HReinvented: NRC aims to stay on top as 'best place to work'
Friday - 4/9/2010, 6:37am EDT
Federal News Radio
Time and time again over the last several years, one federal agency stands out as the choice of employees as "the best place to work in the federal government" in government-wide worker surveys.
That agency is the Nuclear Regulatory Commission, a 4,000-worker independent agency based in Rockville, Maryland.
But in an era where the Obama White House is vowing to make government service "cool again", and Office of Personnel Management director John Berry is promising sweeping reforms in hiring and retention policies, how does the NRC plan on staying on top of its game as an "employer of choice"?
As part of our special week-long series "HR: Reinvented," Federal News Radio spoke to Miriam Cohen, Deputy Chief Human Capital Officer at the NRC.
Cohen says, for one thing, a recently approved workplace initiative, negotiated with the National Treasury Employees Union, is part of their overall strategy.
One of the recent enhancements we initiated in the agency is a flexible work schedule we call "Newflex". We think that in today's environment, Generation X, Y, the "Millenials" like flexibility in their work schedules. We have a situation where we allow employees to start work as early as 6 AM, work as late as 11 o'clock at night, work a combination of "at work" in a traditional situation and telework. We think that providing that sort of flexible work environment will keep us very competitive with other federal agencies, and even some private sector organizations.
Cohen says that Newflex is available to almost all of NRC's staff, except, she says, emergency operations officers, and other workers with special time and attendance requirements. She adds that a six-month review is currently under way to measure the effect of Newflex on the NRC workforce, and from that survey, they hope to get some real-world data on just how many employees are taking advantage of the program.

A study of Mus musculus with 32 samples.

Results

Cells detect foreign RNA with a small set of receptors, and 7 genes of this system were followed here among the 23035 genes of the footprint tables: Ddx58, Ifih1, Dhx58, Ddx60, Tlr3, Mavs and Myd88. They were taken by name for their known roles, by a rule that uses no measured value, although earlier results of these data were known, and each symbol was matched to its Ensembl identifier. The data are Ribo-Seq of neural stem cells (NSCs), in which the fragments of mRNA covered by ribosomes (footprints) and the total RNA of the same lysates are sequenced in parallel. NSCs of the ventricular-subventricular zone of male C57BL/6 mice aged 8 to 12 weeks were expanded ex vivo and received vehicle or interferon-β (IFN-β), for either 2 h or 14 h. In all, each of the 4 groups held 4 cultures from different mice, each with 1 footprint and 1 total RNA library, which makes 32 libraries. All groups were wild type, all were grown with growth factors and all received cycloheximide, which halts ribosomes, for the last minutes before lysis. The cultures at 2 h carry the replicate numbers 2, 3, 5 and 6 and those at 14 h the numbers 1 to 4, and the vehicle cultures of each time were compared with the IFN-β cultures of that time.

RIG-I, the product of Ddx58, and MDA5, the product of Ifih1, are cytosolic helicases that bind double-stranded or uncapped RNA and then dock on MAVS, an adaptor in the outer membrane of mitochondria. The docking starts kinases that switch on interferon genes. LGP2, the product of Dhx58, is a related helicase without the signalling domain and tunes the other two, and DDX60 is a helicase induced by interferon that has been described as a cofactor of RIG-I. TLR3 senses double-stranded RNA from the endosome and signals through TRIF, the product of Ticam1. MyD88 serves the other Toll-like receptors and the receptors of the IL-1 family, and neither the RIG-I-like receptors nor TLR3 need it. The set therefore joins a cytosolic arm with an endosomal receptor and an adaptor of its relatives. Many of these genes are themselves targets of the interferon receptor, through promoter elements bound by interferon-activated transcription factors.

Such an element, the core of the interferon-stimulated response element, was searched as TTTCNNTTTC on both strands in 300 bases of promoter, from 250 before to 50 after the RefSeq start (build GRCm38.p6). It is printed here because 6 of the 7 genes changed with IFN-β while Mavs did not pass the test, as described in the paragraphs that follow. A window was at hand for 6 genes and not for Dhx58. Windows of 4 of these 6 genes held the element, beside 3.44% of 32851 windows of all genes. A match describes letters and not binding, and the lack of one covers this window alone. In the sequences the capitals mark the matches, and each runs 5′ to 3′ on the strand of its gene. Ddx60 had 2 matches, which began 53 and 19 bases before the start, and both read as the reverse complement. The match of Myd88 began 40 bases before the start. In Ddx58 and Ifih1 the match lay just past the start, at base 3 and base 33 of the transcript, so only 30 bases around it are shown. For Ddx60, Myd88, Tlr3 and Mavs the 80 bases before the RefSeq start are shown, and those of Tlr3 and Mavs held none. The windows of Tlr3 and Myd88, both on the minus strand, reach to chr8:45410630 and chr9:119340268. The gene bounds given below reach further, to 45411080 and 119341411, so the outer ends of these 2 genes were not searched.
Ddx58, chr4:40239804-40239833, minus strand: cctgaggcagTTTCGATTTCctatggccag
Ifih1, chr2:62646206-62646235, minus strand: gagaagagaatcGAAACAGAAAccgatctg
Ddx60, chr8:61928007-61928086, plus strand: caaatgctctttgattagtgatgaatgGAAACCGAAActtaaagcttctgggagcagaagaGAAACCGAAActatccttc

Human capital experts agree that an important key to the success of any new initiative is buy-in from the most senior levels of management in any organization. Cohen says the NRC is "incredible in the sense that we have outstanding top level committment and support for employees." She says that NRC management embraces a "spirit of continuous improvement", and are consistently engaged with employees.
Many of the hiring and retention reforms now being proposed by OPM director Berry were pioneered by the NRC. Cohen tells Federal News Radio that "we've already seen some of the successes of the streamlining and reform efforts. We did a lean six sigma study of our hiring process and took advantage of that opportunity to make improvements where we could."
She says NRC is prepared to share its hard-won experience with hiring reforms with the rest of the federal government. Indeed, Cohen adds that her boss, NRC chief human capital officer Jim McDermott, is part of an implementation task force with OPM as officials there begin the task of reforming the hiring process across the government.
Cohen concludes that the target audience of these reforms, younger people just out, or recently out of college, will be the first beneficiaries of hiring reform.
"We know that there's a lot of consternation that when you apply for a federal job, you don't know where to go, USAjobs.gov is very complicated, you might apply, you might not hear back from a job, and if you do, you get a vacancy announcement that is 5-10 pages long. We think that the reform effort that OPM is undertaking is going to make it much easier for an average person that is looking for a federal job to submit a resume," and apply for a federal job.
She adds, "I think one of the biggest challenges is going to be for federal managers to re-orient themselves to be able to discrern the knowledge, skills and abilities from a person's resume" alone, as opposed to current practice in which applicants are requred to submit a "KSA" form directly outlining those attributes.
"With the reform effort, you're going to have to look at some very different information, and I think the hiring managers are going to have to be adept at going through the resumes and identifying those skills they need for that position, so I think there's going to be a lot of training involved for managers as well."